Five years ago, Iowa became the only state in the nation to have telemedicine abortion. That title may soon be removed.
Iowa Board of Medicine voted Aug. 30 to set rules for telemedicine health care, including a provision that all patients would have to meet with a doctor before being supplied a drug to abort a pregnancy (see definition of telemedicine abortion, right).
Pat Pokorny, a member of Crest Area for Life, agrees with the decision.
“We’re just praying for the babies, and the mothers, and those that work in the clinics that they will realize just how precious life is,” said Pokorny.
Crest Area For Life is a group of local people who attend an informal prayer group. The group meets regularly outside of the Planned Parenthood office in Creston to protest abortion.
According to Planned Parenthood administrators, using the telemedicine system is uncommon at Planned Parenthood clinic in Creston. The average telemedicine abortion statistic in Creston is less than six per year.
Two reasons for the low statistics, said administrators, could be because people are used to traveling to Des Moines for health care, or they want anonymity. Prices for abortions are the same at clinics in Creston and Des Moines.
The prayer group pickets Planned Parenthood to protest its abortion services by praying, rain or shine.
“It was some ladies from Lenox who were in a prayer group that were concerned that the Planned Parenthood in Creston was doing the webcam abortions and were referring women to other clinics to have abortions,” said Pokorny. “So, we just felt like we needed to voice our concern for unborn children and for life and for the mothers who may be influenced to have an abortion.”
Women between the ages of 20 and 29 are the most likely to receive an abortion in the state of Iowa. This demographic is consistent in rural Iowa.
Iowa Board of Medicine received a petition June 25 signed by 14 health-care providers that laid out language to ban telemedicine abortion.
“They had no process or procedure that they followed. They received a petition from members of organizations ... who opposed abortion,” said Jill June, president and CEO of Planned Parenthood of the Heartland. “The Board of Medicine adopted that language in its entirety.”
A hearing was held Aug. 28, when board members heard both sides of the argument. The board voted and passed the ban Aug. 30.
“We feel the board of medicine has been deliberately stacked with individuals that would vote against our telemedicine program,” said June. “The opponents who have been pushing the Board of Medicine to do this will admit themselves that they don’t object to telemedicine, but that they object to abortion.”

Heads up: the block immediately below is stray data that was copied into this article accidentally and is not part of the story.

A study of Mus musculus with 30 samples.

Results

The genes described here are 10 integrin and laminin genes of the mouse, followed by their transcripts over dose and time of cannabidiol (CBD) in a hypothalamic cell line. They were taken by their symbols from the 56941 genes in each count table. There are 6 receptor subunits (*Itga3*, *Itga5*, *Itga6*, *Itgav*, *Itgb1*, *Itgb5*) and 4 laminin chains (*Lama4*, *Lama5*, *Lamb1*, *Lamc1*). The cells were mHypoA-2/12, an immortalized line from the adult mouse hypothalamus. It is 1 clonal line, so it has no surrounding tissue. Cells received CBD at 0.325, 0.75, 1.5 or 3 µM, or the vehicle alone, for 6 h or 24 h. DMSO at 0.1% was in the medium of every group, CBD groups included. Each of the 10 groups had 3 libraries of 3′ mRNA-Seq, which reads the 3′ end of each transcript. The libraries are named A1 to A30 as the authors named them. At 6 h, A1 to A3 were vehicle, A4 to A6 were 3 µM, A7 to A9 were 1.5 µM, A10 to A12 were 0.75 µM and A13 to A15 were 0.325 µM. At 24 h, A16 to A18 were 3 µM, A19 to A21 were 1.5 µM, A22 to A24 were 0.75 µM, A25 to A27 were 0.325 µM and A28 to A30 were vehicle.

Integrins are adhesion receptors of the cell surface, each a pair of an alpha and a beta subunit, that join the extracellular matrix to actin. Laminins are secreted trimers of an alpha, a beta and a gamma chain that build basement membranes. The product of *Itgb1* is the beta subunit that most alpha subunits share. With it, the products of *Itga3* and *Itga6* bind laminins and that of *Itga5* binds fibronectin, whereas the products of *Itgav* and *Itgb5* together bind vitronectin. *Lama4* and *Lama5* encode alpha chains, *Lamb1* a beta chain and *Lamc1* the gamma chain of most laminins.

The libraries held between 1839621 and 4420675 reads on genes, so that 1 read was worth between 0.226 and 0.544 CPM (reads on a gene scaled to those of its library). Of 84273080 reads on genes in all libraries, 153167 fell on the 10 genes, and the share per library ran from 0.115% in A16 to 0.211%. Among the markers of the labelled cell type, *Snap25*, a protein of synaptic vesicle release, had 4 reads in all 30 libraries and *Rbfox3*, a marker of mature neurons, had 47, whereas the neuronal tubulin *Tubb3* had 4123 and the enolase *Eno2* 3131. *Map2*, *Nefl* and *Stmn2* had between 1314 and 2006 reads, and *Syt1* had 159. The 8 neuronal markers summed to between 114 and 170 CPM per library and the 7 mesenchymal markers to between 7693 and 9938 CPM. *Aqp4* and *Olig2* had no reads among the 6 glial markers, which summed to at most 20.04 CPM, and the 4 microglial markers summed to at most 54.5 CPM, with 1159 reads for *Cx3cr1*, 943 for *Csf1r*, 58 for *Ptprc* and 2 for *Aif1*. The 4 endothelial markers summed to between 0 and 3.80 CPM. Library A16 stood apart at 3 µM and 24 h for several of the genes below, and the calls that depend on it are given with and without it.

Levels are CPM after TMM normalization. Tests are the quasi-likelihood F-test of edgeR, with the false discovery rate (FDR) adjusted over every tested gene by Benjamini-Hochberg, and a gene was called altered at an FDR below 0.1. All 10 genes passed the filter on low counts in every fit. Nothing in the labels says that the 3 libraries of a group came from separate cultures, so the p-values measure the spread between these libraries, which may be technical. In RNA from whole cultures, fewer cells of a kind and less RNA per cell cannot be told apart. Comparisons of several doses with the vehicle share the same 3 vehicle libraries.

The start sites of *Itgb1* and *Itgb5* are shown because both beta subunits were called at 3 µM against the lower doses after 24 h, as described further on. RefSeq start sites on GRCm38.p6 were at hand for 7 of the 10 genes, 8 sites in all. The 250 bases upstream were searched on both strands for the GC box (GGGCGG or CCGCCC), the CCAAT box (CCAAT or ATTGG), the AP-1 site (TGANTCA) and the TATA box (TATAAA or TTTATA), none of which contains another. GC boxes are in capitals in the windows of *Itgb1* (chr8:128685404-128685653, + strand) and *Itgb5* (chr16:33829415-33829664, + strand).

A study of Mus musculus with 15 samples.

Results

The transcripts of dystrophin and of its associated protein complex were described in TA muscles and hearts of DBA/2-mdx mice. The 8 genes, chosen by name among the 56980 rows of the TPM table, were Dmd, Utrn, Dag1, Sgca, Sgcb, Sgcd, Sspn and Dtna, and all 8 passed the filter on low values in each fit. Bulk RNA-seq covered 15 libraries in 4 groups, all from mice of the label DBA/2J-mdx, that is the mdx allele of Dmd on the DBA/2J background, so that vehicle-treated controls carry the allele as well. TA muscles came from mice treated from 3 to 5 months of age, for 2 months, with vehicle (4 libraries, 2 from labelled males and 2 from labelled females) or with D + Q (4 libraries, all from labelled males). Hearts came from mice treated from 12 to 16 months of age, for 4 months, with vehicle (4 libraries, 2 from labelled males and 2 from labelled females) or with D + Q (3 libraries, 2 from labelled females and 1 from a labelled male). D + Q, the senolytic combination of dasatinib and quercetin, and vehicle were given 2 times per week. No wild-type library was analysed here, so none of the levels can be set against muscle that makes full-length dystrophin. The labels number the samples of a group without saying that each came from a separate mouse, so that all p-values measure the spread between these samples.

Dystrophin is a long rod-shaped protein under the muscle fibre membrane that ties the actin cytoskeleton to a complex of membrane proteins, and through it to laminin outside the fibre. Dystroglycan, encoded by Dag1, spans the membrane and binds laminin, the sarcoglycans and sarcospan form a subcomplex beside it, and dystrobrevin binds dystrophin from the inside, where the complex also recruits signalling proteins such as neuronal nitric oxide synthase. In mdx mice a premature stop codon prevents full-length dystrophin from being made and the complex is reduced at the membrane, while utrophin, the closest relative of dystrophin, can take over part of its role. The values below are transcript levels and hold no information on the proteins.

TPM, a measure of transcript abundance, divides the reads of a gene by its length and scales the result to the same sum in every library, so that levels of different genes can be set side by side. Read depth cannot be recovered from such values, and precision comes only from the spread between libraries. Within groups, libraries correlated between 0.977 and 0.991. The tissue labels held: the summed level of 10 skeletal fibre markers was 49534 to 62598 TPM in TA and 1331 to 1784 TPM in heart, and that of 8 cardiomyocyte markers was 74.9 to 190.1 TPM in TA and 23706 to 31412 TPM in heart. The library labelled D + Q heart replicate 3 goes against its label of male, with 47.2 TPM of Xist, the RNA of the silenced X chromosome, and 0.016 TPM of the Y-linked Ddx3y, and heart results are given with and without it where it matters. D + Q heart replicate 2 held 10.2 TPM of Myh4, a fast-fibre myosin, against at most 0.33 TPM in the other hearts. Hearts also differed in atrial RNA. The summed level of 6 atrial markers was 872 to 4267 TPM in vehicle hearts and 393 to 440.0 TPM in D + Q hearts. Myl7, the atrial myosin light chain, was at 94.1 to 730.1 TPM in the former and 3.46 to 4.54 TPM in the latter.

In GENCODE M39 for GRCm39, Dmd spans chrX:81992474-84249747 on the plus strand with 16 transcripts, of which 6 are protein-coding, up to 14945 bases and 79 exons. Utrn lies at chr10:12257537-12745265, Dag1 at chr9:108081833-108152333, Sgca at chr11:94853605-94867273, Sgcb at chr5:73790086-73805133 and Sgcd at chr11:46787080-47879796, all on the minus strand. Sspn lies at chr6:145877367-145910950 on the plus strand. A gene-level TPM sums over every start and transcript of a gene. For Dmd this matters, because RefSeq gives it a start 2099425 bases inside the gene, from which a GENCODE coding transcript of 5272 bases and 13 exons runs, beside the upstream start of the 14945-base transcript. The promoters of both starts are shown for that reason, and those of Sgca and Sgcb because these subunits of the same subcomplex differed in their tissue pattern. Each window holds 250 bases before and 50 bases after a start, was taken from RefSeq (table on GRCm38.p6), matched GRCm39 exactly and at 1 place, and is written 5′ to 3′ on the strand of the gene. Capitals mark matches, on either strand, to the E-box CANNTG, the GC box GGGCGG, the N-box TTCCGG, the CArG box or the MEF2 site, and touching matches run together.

According to a Des Moines Register story, Dr. Greg Hoversten, chairman of Iowa Board of Medicine, said after the vote was cast, he believed a medical abortion done through technology isn’t as safe as one done in the presence of a physician.
“The woman essentially goes home and labors and delivers a fetus,” Hoversten was quoted as saying in the Register story. “It’s very bloody. It’s painful. There’s cramping, pelvic cramping. ... How can any of us possibly find that a medical abortion performed over the Internet is as safe as one provided by a physician in person?”
The rules laid out in the telemedicine abortion ban would require the patient meet with a doctor in person before being provided abortion pills, and to schedule in-person follow-up visits.
“It denies them (women) access to technology based on no fact-finding or investigation whatsoever by the board of medicine,” said June. “It will mean they will have to leave their own communities for health care, when it can be available to them via telemedicine. And, it locks them out of the progress that is being made nationwide in expanding health care into rural communities.”
Unless Planned Parenthood of the Heartland appeals the decision, the rules, voted on by the 10-member board appointed by Gov. Terry Branstad, will take effect in November.
“The rule is scheduled to take effect Nov. 6, and Planned Parenthood is considering all options available to assure rural women can receive all health care in their communities via telemedicine,” said June. “We will continue to resist the enactment of this rule.
What is telemedicine abortion?
Telemedicine abortion begins with a conversation between a patient and physician via video call. The patient can ask questions, and when the questions have been answered, the physician pushes a button from the computer on his or her end of the video and a drawer opens on the patient's end. In the drawer is the abortion medication mifepristone, and the physician watches the patient take the pill.
After taking mifepristone, the patient will take up to three days' worth of misoprostol, which is a drug that "softens the cervix and causes the uterus to contract and empty," according to a Planned Parenthood pamphlet. This is essentially a miscarriage.
A surgical abortion requires a procedure and can occur during various stages of pregnancy. The abortion pill must be taken within 63 days of pregnancy. According to June, the earlier in the pregnancy a termination occurs, the safer it is for the woman.
Planned Parenthood has performed more than 3,000 telemedicine abortions since 2008, when the telemedicine abortion system was incorporated in Iowa.
Without the telemedicine abortion service, women will drive to the nearest health center to obtain medication directly from a physician. They will then have to schedule a follow-up appointment with the same physician at the same facility.
Whether the medication is distributed n person by the physician or by telemedicine, the woman leaves the clinic and the procedure is completed in-home.